With National Novel Writing Month upon us, one of the greatest struggles among writers for the next few weeks (aside from just plain getting our rears in gear and writing!)  is figuring out what happens next in our novels. 

Whether you are a plotter or a pantser (one who flies by the “seat of their pants”) or somewhere in between, you almost inevitably run into points where you just don’t know where to go next. Or maybe even though words are coming, you feel like your story is lagging, just too slow to keep interest—even yours. What is the answer?


Good writing centers around trouble

Gail Carson Levine, author of Ella Enchanted, says, “So what makes the difference between caring and not caring [about a book]? The author’s cruelty. And the reader’s sympathy.”¹ There is, of course, the main problem that your protagonist is trying to solve, and often that lends itself to all kinds of trouble, but it doesn’t usually provide enough trouble to get through a whole book. Ella deals with trouble from her curse (which makes her obey any direct order given her), but she also deals with trouble from hungry ogres, weather, the physical hardships of journeying, a terrible finishing school, All happy families resemble one another, each unhappy family is unhappy in its own way. - Leo Tolstoyand the risk of falling in love with the prince. She is almost constantly beset by trouble of one kind or another.

Pick up any book or watch any movie. You are unlikely to find a story of any kind that doesn’t deal with the protagonist getting into trouble somehow. Even kids’ shows have troubles: Steve plays Blue’s Clues to figure out what Blue wants, but he also helps his other friends solve problems along the way; Dora is always travelling somewhere and overcoming obstacles—with the chance that Swiper the Fox could show up at any time; the Backyardigans’ imaginations create all kinds of challenges for them. Good times are boring. Give your characters hardships and difficulties to overcome.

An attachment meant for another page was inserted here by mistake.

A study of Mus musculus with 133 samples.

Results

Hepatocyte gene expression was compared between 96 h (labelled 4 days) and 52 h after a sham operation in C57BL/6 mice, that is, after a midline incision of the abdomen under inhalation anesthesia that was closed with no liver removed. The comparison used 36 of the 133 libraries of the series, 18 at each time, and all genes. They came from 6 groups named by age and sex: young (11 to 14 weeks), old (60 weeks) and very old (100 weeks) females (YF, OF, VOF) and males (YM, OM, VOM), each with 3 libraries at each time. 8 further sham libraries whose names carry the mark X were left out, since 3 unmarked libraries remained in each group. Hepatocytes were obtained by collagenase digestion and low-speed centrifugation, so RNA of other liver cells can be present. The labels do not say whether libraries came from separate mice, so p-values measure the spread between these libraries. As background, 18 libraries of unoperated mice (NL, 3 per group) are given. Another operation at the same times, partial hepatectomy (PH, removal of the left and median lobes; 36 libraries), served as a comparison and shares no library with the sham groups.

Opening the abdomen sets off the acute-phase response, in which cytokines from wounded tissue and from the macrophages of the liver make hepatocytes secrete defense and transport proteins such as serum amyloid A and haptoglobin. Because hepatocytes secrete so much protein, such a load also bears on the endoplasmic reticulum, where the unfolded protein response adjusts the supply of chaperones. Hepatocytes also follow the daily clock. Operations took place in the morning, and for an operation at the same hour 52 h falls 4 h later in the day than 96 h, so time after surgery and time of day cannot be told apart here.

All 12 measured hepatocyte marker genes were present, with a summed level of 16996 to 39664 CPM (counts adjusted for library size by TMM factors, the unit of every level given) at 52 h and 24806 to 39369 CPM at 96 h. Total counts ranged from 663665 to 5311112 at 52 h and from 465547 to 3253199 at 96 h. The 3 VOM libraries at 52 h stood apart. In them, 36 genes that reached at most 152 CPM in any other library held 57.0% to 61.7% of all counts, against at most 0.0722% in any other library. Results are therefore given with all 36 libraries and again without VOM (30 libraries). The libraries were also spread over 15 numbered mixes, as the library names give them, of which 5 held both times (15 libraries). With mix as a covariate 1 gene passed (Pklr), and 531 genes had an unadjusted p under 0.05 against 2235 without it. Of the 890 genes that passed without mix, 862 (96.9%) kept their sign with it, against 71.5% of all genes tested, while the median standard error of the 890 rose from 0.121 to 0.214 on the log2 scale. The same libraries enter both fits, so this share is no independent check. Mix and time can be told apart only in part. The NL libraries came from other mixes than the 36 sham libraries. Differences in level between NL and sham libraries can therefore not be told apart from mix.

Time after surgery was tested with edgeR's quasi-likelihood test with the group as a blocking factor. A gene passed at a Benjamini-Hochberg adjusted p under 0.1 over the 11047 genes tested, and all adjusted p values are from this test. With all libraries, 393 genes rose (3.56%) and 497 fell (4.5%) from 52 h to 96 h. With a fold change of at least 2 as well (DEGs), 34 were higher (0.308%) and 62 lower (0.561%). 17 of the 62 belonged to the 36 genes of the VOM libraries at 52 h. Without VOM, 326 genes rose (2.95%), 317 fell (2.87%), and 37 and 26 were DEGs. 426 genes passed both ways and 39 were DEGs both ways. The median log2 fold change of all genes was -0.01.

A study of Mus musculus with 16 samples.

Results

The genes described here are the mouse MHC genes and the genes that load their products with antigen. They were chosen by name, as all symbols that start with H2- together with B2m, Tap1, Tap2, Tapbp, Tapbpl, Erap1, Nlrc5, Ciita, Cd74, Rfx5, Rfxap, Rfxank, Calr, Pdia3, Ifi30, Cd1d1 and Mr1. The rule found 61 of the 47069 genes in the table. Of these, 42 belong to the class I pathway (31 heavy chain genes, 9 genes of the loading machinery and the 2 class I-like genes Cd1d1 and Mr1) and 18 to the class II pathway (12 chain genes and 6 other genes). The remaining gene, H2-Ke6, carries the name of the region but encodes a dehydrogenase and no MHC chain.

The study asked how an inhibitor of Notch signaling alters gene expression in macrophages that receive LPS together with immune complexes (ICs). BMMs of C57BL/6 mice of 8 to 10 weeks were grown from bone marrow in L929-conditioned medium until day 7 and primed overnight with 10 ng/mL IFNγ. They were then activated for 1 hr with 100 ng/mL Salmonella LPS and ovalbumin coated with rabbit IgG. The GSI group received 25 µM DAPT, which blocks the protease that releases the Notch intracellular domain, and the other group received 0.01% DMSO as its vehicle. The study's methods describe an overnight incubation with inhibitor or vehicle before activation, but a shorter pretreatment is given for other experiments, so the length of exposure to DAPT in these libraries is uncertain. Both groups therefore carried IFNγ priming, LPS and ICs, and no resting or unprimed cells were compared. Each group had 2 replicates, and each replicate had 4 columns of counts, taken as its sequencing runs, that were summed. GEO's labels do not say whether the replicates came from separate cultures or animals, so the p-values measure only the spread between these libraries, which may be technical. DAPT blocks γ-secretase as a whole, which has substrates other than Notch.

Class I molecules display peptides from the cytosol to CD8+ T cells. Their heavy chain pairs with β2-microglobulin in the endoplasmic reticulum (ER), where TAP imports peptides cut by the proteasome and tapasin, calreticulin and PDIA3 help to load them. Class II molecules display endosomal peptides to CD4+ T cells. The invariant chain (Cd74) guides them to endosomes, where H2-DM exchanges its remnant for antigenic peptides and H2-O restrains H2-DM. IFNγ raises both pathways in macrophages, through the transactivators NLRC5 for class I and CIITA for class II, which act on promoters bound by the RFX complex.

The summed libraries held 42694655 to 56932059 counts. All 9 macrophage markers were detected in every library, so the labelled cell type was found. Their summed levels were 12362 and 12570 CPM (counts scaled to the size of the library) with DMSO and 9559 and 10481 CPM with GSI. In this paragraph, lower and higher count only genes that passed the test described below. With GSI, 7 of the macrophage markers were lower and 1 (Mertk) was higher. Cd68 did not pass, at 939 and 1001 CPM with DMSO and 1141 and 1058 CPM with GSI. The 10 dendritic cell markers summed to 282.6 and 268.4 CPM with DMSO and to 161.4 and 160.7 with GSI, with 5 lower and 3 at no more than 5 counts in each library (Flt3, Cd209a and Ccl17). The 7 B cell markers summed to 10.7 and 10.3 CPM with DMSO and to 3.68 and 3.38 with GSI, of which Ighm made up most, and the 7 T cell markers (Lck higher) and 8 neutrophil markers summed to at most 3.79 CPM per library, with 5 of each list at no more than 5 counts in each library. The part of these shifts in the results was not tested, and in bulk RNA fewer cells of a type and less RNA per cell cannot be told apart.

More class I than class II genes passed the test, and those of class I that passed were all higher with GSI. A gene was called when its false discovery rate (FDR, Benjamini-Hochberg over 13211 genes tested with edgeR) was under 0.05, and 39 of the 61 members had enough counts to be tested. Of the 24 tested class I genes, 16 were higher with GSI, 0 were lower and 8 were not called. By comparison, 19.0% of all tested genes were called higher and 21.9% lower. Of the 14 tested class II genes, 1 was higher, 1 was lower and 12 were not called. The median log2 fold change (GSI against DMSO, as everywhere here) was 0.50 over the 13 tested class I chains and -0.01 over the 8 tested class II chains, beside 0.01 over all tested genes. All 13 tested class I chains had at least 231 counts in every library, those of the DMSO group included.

What could possibly go wrong?

Sometimes the thing that your average two-year-old can handle with ease comes a bit more difficultly for adult (or teen or even preteen) writers. How do we get into trouble? Whenever your character does something, think of the potential consequences of that action. What is the worst that could happen? If you don’t want the absolute worst (because that often involves someone dying), think of all the ways it could go wrong. If you’re making a potion, it could blow up or melt the cauldron. Or you could put a cat hair in it and end up half-transformed with fur all over your face. A simple birthday party could be ruined because no one remembered to buy a cake or the clown didn’t show up—or worse he shows up drunk

Often, more than one thing will be going wrong at the same time. That adds a bit of depth and reality to your story. As you seek to add trouble, come up with many ideas of what could go wrong; the best ideas often take a little more thought to get to. If you go with your first thought every time, your story could end up very predictable, and your reader will lose interest anyway. Even during NaNoWriMo, it pays to do a little brainstorming before picking a path.

All that said, your protagonist doesn’t have to go from one horrible thing to another constantly. They can take a break now and then. But don’t let it be too long or your readers will get bored.